By Michelle Miller
---- — CHERRY VALLEY
The superintendent of Cherry-Valley Springfield Central School proposed keeping the tax levy below the state’s 2 percent tax cap for the 2013-14 school year.
During his first presentation of the district’s proposed budget, Robert Miller said he would never propose a tax levy at exactly what the threshold allows because that would leave no wiggle room for audit reviews. He proposed a tax levy increase of 2.9 percent. The district has not had a tax levy increase of more than that in the past three years, according to Miller. He said the increases have been 1.9, 1.9 and 2.9 (going back three years in that order). The maximum allowable levy under the cap would be a 3.8 percent increase.
“I think the 2.9 percent increase will be one of the lowest in the area,” Miller told members of the board.
Board member Corey Webster said he did not think the school should be comparing itself with other districts.
“If they want to go ahead and run things into the ground that is their business,” he said. “I think what we need to try to do is make it so we do not run our school into the ground.”
According to Miller, the board should not only be thinking about the short term.
“The choices that you make early now are going to impact five years from now,” he said. “I get what you are saying, but the lower we keep it now, the more in danger we are of having to override the levy limit in the future.”
Webster recommended seeing a budget that would reflect a tax levy increase lower than 2 percent.
“I know state money will not be there forever. I know we would like to pretend it will be,” he said.
Miller agreed to draw up a few other proposals for the board to look over during its next meeting in March.
“If you want to go to 1.9 (percent) we can, but that $40,000 (in carryover) will be lost forever,” Miller said. “I can figure out how to get through this year and next year probably, but this is not about the next two years. It is about five years from now. It is about where will we be if we give up too much revenue … We will not get another shot at getting that revenue back.”
Webster said he still believes programming needs to be looked at, especially with the continuous trend of declining enrollment at the district. He said he anticipates that economic hardships are only going to get much worse before they get better.
“I realize we need to create programs for the future, but it seems like we are going over and above,” he said.
The proposed budget included the anticipation of adding a second section of pre-K. Miller said he is projecting 22 to 32 district students for the program and suggested opening it up to out-of-district students for a $5,000 tuition fee. He estimates that the pre-K could get anywhere between six and 10 out-of-district students, based on interest received in the past.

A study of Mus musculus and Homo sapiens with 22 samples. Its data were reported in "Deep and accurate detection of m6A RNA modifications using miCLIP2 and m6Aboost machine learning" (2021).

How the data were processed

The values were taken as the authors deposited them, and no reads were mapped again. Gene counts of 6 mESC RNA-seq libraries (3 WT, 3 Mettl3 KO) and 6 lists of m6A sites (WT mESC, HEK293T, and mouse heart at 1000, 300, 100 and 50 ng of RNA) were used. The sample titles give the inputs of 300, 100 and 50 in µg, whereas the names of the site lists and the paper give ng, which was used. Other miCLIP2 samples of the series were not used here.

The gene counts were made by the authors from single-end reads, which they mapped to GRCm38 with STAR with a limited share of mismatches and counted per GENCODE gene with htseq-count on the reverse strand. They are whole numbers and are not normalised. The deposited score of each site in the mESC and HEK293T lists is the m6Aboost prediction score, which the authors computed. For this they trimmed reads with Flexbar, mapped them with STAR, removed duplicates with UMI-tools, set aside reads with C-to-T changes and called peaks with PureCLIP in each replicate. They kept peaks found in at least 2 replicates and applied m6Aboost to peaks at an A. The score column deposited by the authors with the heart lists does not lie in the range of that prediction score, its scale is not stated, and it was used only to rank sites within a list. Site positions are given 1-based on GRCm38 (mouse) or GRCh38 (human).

The board does not have to commit to anything until May, according to Miller. He said CV-S can hire a teacher under the condition that it might not happen. There will be time to look at the numbers and have more discussion about it, he added.
Miller said he has made cuts. For example, he said the district has gone from 53 teachers to 44 in the last four years.
Items under consideration, according to Miller’s presentation include whether to replace a special education position (a $70,000 cost), adding a technology position (a $45,000 expense), adding the second section of pre-K (which shows a $40,000 cost but also $40,000 in expected revenues), adding one teacher assistant position (a $35,000 cost) and adding one teacher aid position (a $25,000) cost.
The district plans to shift one full-time employee to administration and make a shift in special education service (a $50,000 savings).
Major increases to the proposed spending plan include health insurance premiums, retirement and salaries — totaling more than $300,000.
The two primary proposed cuts are the reduction of French to a .5 full-time position as the district slowly reduces to Spanish as the sole foreign language and the reduction of one science position to a .5 full-time employee. CV-S is also planning to cut 1.5 clerical positions as an account clerk and keyboard specialist retire. They will be replaced with a part-time position.
According to Miller, CV-S is seeking to further reduce costs by working collaboratively with other district and BOCES in both instruction and instructional support. He said he anticipates using $20,000 less in fuel and foresees saving more than $30,000 on energy expenses.
As of the presentation last Thursday, CV-S should get close to $6,900 in state aid. Miller’s proposed budget leaves a budget gap of $79,000. He proposed possibly making more energy and staffing cuts along with transferring money.
Board member Hilary Lusk suggested looking more into enrollment and class sizes. Perhaps the district needs to consider going to one-section classes, she said.
Board President Frank McGrath said the school is in an in-between stage.
“Realistically we are at 1.5 sections in most cases and that does not leave a whole lot of flexibility,” he said.
Miller said he still considers the district a two-section school.
“I am aware we are headed toward being a one-section school. I’m just not there yet,” he said.
He also explained that the school will lose talented teachers if they start chopping positions in half.
“We could look into sharing staff with other school districts, but who want to travel from one school to another if they do not have to. If teachers have an option of working at one school all day, of course they will chose to do that,” Miller said.
According to projections provided by Miller, student enrollment at the elementary level looks like it will remain pretty steady with the exception of third grade with an anticipated loss of 11 students. At the secondary level, Miller predicts a drop of about 10 students.